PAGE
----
Fearless Girl’s Wall Street Dads Wanted Her To Be A Cow


Remember the statue of the Fearless Girl that showed up in Bowling Green on International Women’s Day, staring down the Charging Bull of Wall Street? The statue that turned out to be paid advertising for a global finance company flogging a new financial product? A finance company that, notwithstanding its avowed commitment to expanding the role of women in corporate leadership, is headed up by a leadership team that is 82 percent men? The statue that nonetheless many found to be a powerful symbol of feminist resistance?

It turns out that State Street Global Advisors actually wanted its advertising statue celebrating the strength, intelligence, and equal humanity of women to be a cow. According to emails unearthed by Linda Massarella of the New York Post, SSGA’s consultants first approached the city about installing a big bronze cow in Bowling Green to celebrate International Women’s Day. Stuart Weissman, a contractor hired by SSGA to shepherd its statue vision to reality, told the city permitting agency in December that “the client realized, after we had gone down the road a bit, that a cow sculpture could be conceived as demeaning to women.”

That’s a good realization the client came to!

It’s hard to know why all the gushing behind-the-scenes media narratives extolling the creation of the Fearless Girl moment skipped over the part of the project where SSGA was planning on tapping into women’s latent enthusiasm for #CowPower. One can imagine early drafts of the attendant social media campaign: “Ladies! Show your support for gender equity in the corporate boardroom by tagging yourself #IAmACow!”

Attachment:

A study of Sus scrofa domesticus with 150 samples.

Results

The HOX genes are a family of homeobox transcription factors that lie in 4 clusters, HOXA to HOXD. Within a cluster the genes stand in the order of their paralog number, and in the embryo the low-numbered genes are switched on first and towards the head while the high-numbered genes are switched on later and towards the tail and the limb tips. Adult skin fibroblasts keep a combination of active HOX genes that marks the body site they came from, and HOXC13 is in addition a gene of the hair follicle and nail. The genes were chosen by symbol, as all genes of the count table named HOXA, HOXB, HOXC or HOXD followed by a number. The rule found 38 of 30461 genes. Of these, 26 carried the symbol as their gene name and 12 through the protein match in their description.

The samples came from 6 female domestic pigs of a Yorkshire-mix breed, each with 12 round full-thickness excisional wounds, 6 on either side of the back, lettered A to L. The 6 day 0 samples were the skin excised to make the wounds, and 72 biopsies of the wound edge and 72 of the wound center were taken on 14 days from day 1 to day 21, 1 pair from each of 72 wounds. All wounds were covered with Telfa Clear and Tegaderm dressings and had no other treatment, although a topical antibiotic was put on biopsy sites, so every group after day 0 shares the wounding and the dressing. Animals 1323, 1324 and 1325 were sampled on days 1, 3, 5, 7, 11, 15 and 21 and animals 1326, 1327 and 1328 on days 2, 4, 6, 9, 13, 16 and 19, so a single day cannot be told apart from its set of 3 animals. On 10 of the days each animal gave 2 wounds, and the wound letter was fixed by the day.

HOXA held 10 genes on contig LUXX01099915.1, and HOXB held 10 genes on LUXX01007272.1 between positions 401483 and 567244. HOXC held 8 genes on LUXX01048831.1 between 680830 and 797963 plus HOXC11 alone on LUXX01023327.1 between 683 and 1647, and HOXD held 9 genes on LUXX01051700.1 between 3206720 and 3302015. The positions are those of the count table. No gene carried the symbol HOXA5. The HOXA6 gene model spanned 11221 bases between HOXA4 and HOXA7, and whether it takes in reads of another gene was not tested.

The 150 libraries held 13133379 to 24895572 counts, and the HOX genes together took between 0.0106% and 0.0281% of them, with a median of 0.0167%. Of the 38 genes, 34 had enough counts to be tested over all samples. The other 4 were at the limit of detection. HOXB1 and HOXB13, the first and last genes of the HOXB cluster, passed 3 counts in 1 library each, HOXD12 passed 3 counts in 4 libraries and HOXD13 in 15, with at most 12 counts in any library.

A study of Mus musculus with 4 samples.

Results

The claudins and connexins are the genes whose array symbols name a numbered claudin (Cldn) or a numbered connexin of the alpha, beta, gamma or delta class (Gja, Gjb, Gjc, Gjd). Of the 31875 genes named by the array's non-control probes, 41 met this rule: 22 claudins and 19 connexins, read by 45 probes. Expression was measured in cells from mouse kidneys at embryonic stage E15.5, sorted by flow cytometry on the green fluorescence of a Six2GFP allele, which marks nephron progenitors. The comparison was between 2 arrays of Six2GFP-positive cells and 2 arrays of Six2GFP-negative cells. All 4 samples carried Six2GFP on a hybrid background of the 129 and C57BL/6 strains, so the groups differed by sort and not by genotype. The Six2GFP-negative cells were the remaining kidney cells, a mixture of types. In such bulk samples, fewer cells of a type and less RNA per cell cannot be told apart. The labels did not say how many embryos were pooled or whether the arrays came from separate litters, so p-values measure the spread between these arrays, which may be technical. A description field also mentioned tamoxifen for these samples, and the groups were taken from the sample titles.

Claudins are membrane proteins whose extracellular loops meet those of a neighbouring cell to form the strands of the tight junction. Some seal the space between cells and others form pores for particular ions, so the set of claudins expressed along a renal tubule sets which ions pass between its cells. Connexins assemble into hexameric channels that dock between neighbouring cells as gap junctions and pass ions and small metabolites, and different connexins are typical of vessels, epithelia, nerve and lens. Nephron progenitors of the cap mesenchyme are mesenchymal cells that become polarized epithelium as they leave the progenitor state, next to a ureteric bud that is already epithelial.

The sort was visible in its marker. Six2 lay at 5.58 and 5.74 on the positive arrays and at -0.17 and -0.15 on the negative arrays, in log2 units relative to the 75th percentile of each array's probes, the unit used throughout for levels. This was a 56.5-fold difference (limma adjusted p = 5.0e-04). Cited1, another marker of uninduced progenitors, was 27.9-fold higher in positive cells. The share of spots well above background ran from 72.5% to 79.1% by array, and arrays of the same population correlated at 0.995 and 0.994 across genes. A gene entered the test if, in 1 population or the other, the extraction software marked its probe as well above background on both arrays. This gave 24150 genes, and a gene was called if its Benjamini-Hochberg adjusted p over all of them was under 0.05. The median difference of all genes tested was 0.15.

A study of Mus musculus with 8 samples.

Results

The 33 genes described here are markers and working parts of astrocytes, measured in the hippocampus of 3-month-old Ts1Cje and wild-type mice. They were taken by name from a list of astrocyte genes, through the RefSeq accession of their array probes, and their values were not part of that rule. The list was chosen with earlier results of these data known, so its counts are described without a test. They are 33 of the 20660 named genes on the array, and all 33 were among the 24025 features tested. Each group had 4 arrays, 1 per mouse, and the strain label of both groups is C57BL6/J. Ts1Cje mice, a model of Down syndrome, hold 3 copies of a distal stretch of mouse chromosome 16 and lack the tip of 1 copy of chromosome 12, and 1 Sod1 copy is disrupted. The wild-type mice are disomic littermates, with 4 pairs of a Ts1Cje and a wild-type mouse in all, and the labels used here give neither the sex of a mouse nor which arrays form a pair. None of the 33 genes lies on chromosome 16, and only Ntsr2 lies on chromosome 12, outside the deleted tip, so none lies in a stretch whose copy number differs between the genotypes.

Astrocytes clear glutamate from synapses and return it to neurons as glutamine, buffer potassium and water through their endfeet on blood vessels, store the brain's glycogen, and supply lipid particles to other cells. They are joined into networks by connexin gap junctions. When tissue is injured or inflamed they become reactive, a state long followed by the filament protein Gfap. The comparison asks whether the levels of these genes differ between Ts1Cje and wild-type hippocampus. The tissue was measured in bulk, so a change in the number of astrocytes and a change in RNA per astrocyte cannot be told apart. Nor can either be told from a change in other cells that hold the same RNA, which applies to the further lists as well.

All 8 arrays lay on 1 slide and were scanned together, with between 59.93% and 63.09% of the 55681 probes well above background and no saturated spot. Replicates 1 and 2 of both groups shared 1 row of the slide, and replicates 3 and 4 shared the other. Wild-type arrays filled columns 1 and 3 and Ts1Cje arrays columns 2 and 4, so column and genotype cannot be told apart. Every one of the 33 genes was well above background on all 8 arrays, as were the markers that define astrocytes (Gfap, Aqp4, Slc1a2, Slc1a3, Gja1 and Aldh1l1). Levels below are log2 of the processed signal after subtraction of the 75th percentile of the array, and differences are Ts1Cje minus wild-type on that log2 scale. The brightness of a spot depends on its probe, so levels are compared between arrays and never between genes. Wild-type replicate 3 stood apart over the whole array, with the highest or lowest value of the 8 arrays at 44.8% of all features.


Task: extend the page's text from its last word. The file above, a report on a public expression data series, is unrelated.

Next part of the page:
The emails reported on by the Post don’t shed much light on SSGA’s internal deliberations and vision-boarding, or how the cow idea got as far as it did, but as one thinks about it, it’s hard not to come back to the fact that the people trying to sell you a girl-power financial product look like this:

Though it has since been scrubbed, the version of the story initially published by the Post also noted some influence-flexing on the part of SSGA’s agent. “Somebody amongst the higher-ups has a relationship with Kathy Wylde,” Weissman wrote to the city regulator in March, referring to the powerful head of the pro-business organization Partnership for New York City. “I may not be able to stop them from reaching out to her, or reaching out to someone else.”

The message was plain: Whether represented by a cow or a little girl-child, the power of women, as conceived and monetized by a room 82 percent full of men, is not to be denied.